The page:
California's GOP says it might put out more legally dubious ballot drop boxes, despite receiving a cease-and-desist order

California's GOP says it might put out more legally dubious ballot drop boxes, despite receiving a cease-and-desist order
Workers install an official Vote by Mail drop box outside a public library in Los Angeles, California, on September 11, 2020.REUTERS/Lucy Nicholson
  • The Californian Republican Party is considering expanding its use of unofficial ballot boxes, despite having received a cease-and-desist order, the Associated Press reported.
  • Future boxes would drop the word "official," which had previously been on some, the AP reported.
  • State election officials have sent a cease-and-desist to the party, arguing that unofficial ballot boxes run counter to state law.
  • Ballot harvesting is legal in California, but must be signed for by a person named by the voter.
  • But the measure is undermined by a 2018 law saying that ballots without signatures cannot be rejected.
  • Business Insider has approached the Californian Republican Party for comment, but did not immediately receive a reply.

The Californian GOP is considering distributing more unofficial, and legally ambiguous, election ballot drop-boxes, despite receiving a cease-and-desist order, the Associated Press (AP) reported.

Party spokesperson Hector Barajas said on Tuesday that the party had put its own boxes out in the districts with the tightest races and now was considering expanding their use, according to the AP.

The AP reported Barajas as saying that the term "official" would be dropped from future versions. Some of the party's boxes had been falsely given that label, which raised criticism for potentially confusing voters.

Californian election officials wrote to the state GOP with a cease-and-desist order on Monday, as Business Insider's Charles Davis reported.

"Only county elections officials have the authority to determine the number, locations, and hours of vote-by-mail drop boxes," said the letter to the GOP, from the office of California Secretary of State Alex Padilla.


A memorandum released by Padilla's office on Sunday said: "State law does not authorize the use of unauthorized, non-official vote-by-mail ballot drop boxes."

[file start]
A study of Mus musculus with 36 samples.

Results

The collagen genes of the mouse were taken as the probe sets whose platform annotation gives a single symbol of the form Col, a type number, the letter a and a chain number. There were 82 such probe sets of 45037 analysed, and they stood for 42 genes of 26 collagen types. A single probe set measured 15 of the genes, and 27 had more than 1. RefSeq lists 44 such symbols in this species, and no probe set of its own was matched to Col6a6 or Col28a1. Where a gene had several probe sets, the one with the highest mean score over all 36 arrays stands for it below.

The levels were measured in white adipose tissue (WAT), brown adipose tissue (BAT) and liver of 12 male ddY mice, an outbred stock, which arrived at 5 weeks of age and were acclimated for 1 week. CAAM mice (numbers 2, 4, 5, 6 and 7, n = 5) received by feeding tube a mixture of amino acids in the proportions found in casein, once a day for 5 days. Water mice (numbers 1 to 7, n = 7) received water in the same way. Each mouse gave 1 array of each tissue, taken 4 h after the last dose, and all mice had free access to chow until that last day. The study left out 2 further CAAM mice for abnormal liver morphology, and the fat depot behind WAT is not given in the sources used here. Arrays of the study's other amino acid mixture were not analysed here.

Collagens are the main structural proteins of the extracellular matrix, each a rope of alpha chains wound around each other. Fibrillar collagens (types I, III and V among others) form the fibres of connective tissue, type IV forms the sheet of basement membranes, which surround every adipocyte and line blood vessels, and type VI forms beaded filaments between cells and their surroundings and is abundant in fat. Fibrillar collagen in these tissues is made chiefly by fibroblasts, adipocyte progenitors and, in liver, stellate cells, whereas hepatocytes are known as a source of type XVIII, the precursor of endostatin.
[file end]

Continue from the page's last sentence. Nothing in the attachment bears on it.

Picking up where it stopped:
The practice of ballot harvesting — picking up someone else's vote and delivering it for them — is not illegal in California, as Business Insider's Grace Panetta reported. However, those ballots must be signed for by a specific person designated by the voter.

However, a later provision runs counter to that — a 2018 state law which says officials cannot disqualify ballots that arrive without a signature, according to the AP.

This, the agency reported, is cited by Republicans who say this means they can collect ballots via drop boxes.

Jessica Levinson, a professor at Loyola Law School, told the AP that unofficial boxes labeled "official" were clearly in breach of the law.


As for those without the label, she those were likely illegal also. Her reasoning was that the law covers people giving the ballot to someone they know, rather than putting it in a box for an unknown third party.

Historically, the California GOP has traditionally resisted measures like ballot harvesting and ballot boxes, while the state's Democratic majority has passed laws allowing them, albeit in a regulated fashion.

"We are just working with the rules that Democrats put in front of us," the AP reported Barajas as saying. "We're basically playing on the chessboard they laid out."

The embrace of ballot boxes in California — when they are run by the GOP — runs counter to GOP policy nationwide and President Donald Trump's own statements, which have flatly equated any ballot boxes with voter fraud.

In an August tweet, Trump connected ballot boxes with the idea of "A Rigged Election" without evidence, seeding doubt over their effective monitoring.